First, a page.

If you have ever looked in the mirror and felt unattractive or unsatisfied, you are not alone in this feeling of insecurity. A self-love crisis plagues women across the world, with 1 in 2 women experiencing more self-doubt than self-love, according to The Body Shop’s global investigation. Despite this, beauty remains an individual experience and perception. While Australian women rank among the top two countries for positive self-esteem, 53% still wish they had more respect for themselves, highlighting a complex relationship with beauty and self-image.

Australian women who actively engage in social media tend to compare their lives and feel dissatisfaction with their bodies, highlighting the complex relationship between beauty standards and online portrayals.

The constant exposure to ‘perfect’ beauty on social media leads to an unfair comparison, where people measure their unedited realities against others’ filtered highlights

We all know editing our physical appearances has become easy.

Advanced Photoshop techniques now allow for transforming half-closed eyes into wide-set Bambi eyes.

You don’t need expert airbrush skills to create a more attractive version of yourself.

Modern apps enable instant facial feature modifications with a few swipes, resembling digital plastic surgery.

You can achieve a smaller waist, eyebrow lift, smaller nose, more chiseled jaw, or eye bag removal effortlessly.

And we often capture multiple photos from different angles and lighting before selecting the ‘right’ one.

However, people often overlook the editing of our actual lives.

Consequently, social media posts usually don’t show the full story, effectively hiding the ‘in-between’ moments of despair and suffering.

For instance, you might see a shiny gold medal posted, but the journey of blood, sweat, and tears doesn’t receive the same attention.

Moreover, while we understand high fashion campaigns and glamorous magazine editorials involve staging by a large team, people often mistakenly perceive glamorous social media posts as ‘real life.’

This misconception can subconsciously make us feel like we are falling behind.

Madison Holleran was a freshman at an Ivy League university, who appeared to have it all. Friends say she was the perfect trifecta of beauty, brains and athleticism. Her school peers crowned her “the person every girl wanted to be, and every guy wanted to date”.

However, beyond the perfectly glossy exterior Madison suffered from severe depression and ultimately committed suicide.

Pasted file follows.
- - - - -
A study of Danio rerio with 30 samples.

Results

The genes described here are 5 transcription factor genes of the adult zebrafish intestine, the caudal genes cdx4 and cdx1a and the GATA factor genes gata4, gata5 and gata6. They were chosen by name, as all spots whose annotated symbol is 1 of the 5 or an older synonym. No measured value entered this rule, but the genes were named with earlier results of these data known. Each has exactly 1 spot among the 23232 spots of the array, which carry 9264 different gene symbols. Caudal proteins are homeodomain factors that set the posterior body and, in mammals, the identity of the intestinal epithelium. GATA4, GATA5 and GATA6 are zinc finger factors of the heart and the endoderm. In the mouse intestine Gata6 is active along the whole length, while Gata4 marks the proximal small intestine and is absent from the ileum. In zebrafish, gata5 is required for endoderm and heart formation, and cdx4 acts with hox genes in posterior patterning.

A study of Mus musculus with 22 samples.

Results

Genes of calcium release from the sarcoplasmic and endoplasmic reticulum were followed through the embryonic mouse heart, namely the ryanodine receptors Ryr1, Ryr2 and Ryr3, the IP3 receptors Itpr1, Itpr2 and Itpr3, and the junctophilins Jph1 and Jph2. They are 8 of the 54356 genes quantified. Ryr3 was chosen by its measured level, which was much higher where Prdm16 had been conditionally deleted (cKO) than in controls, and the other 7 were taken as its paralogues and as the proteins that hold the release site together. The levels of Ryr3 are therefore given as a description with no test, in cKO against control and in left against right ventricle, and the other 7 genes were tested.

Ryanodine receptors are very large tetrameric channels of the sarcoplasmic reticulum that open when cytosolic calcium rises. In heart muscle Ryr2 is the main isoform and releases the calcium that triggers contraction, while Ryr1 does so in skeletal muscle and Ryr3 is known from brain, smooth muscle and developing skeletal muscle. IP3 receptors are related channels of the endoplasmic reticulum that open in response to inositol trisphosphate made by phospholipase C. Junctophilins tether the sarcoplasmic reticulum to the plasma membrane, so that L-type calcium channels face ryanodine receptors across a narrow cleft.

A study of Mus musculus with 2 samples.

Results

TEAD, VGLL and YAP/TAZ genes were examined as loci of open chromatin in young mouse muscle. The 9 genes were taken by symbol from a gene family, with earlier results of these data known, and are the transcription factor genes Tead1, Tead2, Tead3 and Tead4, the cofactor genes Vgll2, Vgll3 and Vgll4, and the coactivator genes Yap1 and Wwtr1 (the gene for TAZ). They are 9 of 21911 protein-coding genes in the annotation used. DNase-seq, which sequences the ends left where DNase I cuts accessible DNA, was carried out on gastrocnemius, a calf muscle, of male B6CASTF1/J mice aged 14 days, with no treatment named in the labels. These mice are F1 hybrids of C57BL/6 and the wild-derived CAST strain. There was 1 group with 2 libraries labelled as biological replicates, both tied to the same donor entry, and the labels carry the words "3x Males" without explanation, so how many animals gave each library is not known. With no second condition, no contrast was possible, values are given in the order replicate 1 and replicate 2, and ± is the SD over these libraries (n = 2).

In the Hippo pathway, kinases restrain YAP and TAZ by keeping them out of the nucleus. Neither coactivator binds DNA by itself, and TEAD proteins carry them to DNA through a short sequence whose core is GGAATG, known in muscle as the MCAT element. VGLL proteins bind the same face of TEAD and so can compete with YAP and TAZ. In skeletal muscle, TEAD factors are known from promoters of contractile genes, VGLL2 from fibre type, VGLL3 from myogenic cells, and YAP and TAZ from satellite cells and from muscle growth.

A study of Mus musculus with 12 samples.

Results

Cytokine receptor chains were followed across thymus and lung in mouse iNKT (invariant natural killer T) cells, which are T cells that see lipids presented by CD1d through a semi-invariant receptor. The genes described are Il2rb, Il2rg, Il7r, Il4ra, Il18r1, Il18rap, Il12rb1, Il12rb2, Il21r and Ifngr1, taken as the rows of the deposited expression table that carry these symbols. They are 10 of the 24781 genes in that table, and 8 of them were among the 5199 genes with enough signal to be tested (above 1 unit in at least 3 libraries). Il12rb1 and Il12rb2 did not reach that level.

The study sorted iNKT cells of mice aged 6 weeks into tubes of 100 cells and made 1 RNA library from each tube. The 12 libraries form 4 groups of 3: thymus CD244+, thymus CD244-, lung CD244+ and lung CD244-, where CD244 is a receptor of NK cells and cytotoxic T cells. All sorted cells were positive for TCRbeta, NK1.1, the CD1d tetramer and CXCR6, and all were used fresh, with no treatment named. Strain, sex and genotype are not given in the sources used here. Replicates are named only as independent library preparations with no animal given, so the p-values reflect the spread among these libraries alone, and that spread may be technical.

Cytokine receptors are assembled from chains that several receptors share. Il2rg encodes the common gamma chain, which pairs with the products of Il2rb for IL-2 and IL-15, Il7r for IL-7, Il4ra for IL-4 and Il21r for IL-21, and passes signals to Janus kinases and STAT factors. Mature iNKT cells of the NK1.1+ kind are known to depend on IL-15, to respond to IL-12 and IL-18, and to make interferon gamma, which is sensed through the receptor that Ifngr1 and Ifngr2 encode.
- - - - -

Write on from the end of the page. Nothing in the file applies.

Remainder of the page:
Close friends believe social media worsened Madison’s depression.

Close friends say that social media contributed significantly to her depression.

Madison told friends she longed for a college life like the fun, liberating, and successful experiences her peers shared on social media.

She would scroll through happy snapshots, wondering why her college experience felt so stifling and stressful, feeling isolated in her struggles.

Yet, Madison’s own Instagram feed mirrored the life she wished for: lively social events, academic and athletic honors, and extracurricular activities with new friends.

When friends mentioned this, Madison replied, “It’s just a photo.”

She knew her social media posts didn’t show the whole picture, but struggled to apply this perspective to others’ social media feeds. Beauty.”

Self-love in the digital age presents unique challenges and opportunities.

Sara Kuburic, when she was the self-love ambassador for The Body Shop said: “If a woman is using social media as her primary means of building or outsourcing her self-love and validation, unrealistic expectations and comparisons can become detrimental and amplify struggles of self-acceptance.”

She emphasizes the importance of seeking self-love from within rather than from external sources.

However, cultivating self-love in the digital realm is complex. Each person’s journey is unique, and there’s no universal solution.

The Body Shop built a Museum of Self-Love showcasing stories from influential Australians who have learned to value their self-worth.

Jameela Jamil, also an ambassador, encourages us: “Self-love is an inside job, so let’s begin with one positive action toward loving ourselves.”

As a woman, being proud of yourself and believing you are ‘enough’ as you are is an act of social and political resistance.”

Self-love in beauty transcends just embracing flaws.

Who should define a beauty flaw, and why should we let their judgments shape our self-view?

When we limit self-love to defying perceived beauty imperfections, we critique ourselves and tie our worth to societal standards.

True self-love in beauty involves setting our personal standards, not succumbing to the pressure of subjective norms.

It’s about valuing ourselves, living authentically in our beauty, and standing strong against criticism of our appearance.

Life exposes us to a variety of beauty ideals.

If we constantly change our beauty to match others’ expectations, we embark on an endless transformation.

Trying to satisfy everyone’s different beauty opinions becomes an impossible task.

By Kristina Zhou. Holding Shot by Vogue.